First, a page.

WE AT DIAMOND DIESEL ARE OFTEN ASKED ABOUT BIODIESEL AND ITS IMPACT ON DIESEL ENGINES. IF YOU ARE INTERESTED, HERE ARE SOME BASIC FACTS ABOUT BIODIESEL.

Advantages of biodiesel
  • Made from a renewable resource.
  • Almost no sulfur (in the biodiesel itself) .
  • Higher cetane value (51 min vs 40 min for mineral diesel).
  • Excellent lubricity.
Disadvantages of biodiesel
  • Could harm certain elastomers (seals) .
  • Has poor resistance to oxidation especially when blended with ULSD. This results in spoilage and the formation of acids and varnishes leading to corrosion issues.
  • Biodiesel can absorb much more water than mineral diesel leading to water separation issues
  • Has lower energy content

Successful alternative fuels, fulfill environmental and energy needs without sacrificing operating performance. Operationally, biodiesel performs very similar to low sulfur diesel in terms of power, torque, and fuel without major modification of engines or infrastructure.

Biodiesel offers similar power to diesel fuel.
One of the major advantages of biodiesel is the fact that it can be used in existing engines and fuel injection equipment with little impact to operating performance. Biodiesel has a higher cetane number than U.S. diesel fuel. In over 15 million miles of in-field demonstrations biodiesel showed similar fuel consumption, horsepower, torque, and haulage rates as conventional diesel fuel.

Biodiesel provides significant lubricity improvement over petroleum diesel fuel.
Lubricity results of biodiesel and petroleum diesel using industry test methods indicate that there is a marked improvement in lubricity when biodiesel is added to conventional diesel fuel. Even biodiesel levels below 1 percent can provide up to a 65 percent increase in lubricity in distillate fuels.

Compatibility of biodiesel with engine components.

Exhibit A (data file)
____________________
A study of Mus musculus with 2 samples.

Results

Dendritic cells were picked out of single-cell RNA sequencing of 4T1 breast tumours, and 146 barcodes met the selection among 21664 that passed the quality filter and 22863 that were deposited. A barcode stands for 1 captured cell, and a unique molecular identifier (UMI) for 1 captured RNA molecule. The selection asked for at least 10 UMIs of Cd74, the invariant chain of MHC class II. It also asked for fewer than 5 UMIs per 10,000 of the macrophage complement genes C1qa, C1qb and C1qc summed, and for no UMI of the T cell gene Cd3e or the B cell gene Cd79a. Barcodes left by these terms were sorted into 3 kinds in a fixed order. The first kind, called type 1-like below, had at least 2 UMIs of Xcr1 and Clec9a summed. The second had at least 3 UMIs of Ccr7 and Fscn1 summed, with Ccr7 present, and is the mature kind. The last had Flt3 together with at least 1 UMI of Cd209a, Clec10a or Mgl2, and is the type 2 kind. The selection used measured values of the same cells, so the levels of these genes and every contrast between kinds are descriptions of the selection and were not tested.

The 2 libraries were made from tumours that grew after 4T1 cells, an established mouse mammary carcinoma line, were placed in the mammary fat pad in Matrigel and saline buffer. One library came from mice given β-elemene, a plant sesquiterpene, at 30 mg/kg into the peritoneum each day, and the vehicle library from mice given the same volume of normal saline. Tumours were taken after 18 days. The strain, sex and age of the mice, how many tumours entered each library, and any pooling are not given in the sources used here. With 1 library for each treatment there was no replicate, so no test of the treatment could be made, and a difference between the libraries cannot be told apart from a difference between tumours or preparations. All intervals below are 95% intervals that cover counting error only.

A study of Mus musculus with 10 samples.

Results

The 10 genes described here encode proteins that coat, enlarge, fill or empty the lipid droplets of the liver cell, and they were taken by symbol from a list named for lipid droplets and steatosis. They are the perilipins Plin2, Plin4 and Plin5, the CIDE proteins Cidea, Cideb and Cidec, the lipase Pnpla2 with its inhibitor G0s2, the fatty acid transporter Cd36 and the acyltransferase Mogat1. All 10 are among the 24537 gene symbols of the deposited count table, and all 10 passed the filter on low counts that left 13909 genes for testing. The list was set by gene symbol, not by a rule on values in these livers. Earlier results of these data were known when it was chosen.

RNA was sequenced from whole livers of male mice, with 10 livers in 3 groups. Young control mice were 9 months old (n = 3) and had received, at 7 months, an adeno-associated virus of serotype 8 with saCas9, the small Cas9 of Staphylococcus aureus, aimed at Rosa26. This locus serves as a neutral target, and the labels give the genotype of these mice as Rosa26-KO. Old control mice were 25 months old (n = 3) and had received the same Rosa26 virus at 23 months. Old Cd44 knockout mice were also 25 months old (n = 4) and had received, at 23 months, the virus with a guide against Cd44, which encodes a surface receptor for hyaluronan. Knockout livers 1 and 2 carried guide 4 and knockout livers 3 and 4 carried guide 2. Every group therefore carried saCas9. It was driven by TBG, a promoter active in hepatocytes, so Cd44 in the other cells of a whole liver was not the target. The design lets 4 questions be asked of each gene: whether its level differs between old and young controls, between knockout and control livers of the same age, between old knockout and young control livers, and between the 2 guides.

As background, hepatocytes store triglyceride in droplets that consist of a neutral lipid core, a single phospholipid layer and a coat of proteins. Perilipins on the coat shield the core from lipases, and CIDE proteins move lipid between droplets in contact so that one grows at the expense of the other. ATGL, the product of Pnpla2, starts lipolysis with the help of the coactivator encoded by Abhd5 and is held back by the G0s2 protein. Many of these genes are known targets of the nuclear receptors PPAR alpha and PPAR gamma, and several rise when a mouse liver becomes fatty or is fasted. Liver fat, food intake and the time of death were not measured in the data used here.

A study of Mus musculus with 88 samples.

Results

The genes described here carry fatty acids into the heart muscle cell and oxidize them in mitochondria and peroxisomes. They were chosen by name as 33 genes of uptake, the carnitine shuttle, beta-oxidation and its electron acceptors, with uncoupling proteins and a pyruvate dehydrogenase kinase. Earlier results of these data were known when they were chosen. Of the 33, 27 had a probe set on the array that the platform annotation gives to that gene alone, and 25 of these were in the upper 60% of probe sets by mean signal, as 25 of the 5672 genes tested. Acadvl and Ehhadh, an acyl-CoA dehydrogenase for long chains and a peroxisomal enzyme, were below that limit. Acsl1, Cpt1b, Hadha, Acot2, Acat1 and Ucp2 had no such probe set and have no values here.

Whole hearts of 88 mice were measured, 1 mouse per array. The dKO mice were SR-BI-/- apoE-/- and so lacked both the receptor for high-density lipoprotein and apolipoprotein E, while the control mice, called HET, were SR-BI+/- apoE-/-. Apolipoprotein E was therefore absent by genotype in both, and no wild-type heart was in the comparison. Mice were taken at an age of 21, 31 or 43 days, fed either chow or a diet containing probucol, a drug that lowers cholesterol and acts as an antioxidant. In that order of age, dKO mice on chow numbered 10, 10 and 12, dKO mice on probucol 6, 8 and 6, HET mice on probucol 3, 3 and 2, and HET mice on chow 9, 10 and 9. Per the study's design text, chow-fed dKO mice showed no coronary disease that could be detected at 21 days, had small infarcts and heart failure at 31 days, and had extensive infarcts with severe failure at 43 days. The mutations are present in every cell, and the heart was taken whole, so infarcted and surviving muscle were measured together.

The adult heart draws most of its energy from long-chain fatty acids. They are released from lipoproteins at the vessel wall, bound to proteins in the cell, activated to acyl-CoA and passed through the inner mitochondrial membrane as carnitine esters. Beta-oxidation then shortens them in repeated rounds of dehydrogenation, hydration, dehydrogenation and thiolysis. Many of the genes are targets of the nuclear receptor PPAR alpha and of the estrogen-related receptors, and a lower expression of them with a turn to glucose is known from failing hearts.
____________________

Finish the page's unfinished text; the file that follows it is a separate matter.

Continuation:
The recent switch to low sulfur diesel fuel has caused most OEMs to switch to components suitable for use with biodiesel, but users should contact their OEM for specific information. In general, biodiesel will soften and degrade certain types of elastomers and natural rubber compounds over time. Using high percent blends can impact fuel system components (primarily fuel hoses and fuel pump seals), that contain elastomer compounds incompatible with biodiesel. Manufacturers recommend that natural or butyl rubbers not be allowed to come in contact with pure biodiesel. Biodiesel will lead to degradation of these materials over time, although the effect is lessened with biodiesel blends. If a fuel system does contain these materials and users wish to fuel with pure biodiesel, replacement with compatible elastomers is recommended.

Biodiesel in cold weather.
Cold weather can cloud and even gel any diesel fuel, including biodiesel. Users of a 20 percent biodiesel blend will experience an increase of the cold flow properties (cold filter plugging point, cloud point, pour point) of approximately 3 to 5° Fahrenheit. Precautions employed for petroleum diesel are needed for fueling with 20 percent blends. Neat (100 percent) biodiesel will gel faster than petrodiesel in cold weather operations. Solutions for winter operability with neat biodiesel are much the same as that for low-sulfur #2 diesel (i.e., blending with #1 diesel, utilization of fuel heaters, and storage of the vehicle in or near a building). These same solutions work well with biodiesel blends, as do the use of cold flow improvement additives.


MORE INFORMATION:
Below are links to sites that we found to be useful in dispensing information about BIODIESEL.


If you are looking for BIODIESEL, try Gas Prices from Map Quest which will help you narrow down where you can get biodiesel and how much it costs.  The pull down list allows you to select either diesel or biodiesel.  Put in your zip code and you will get a least a partial listing of Diesel and Biodiesel filling stations.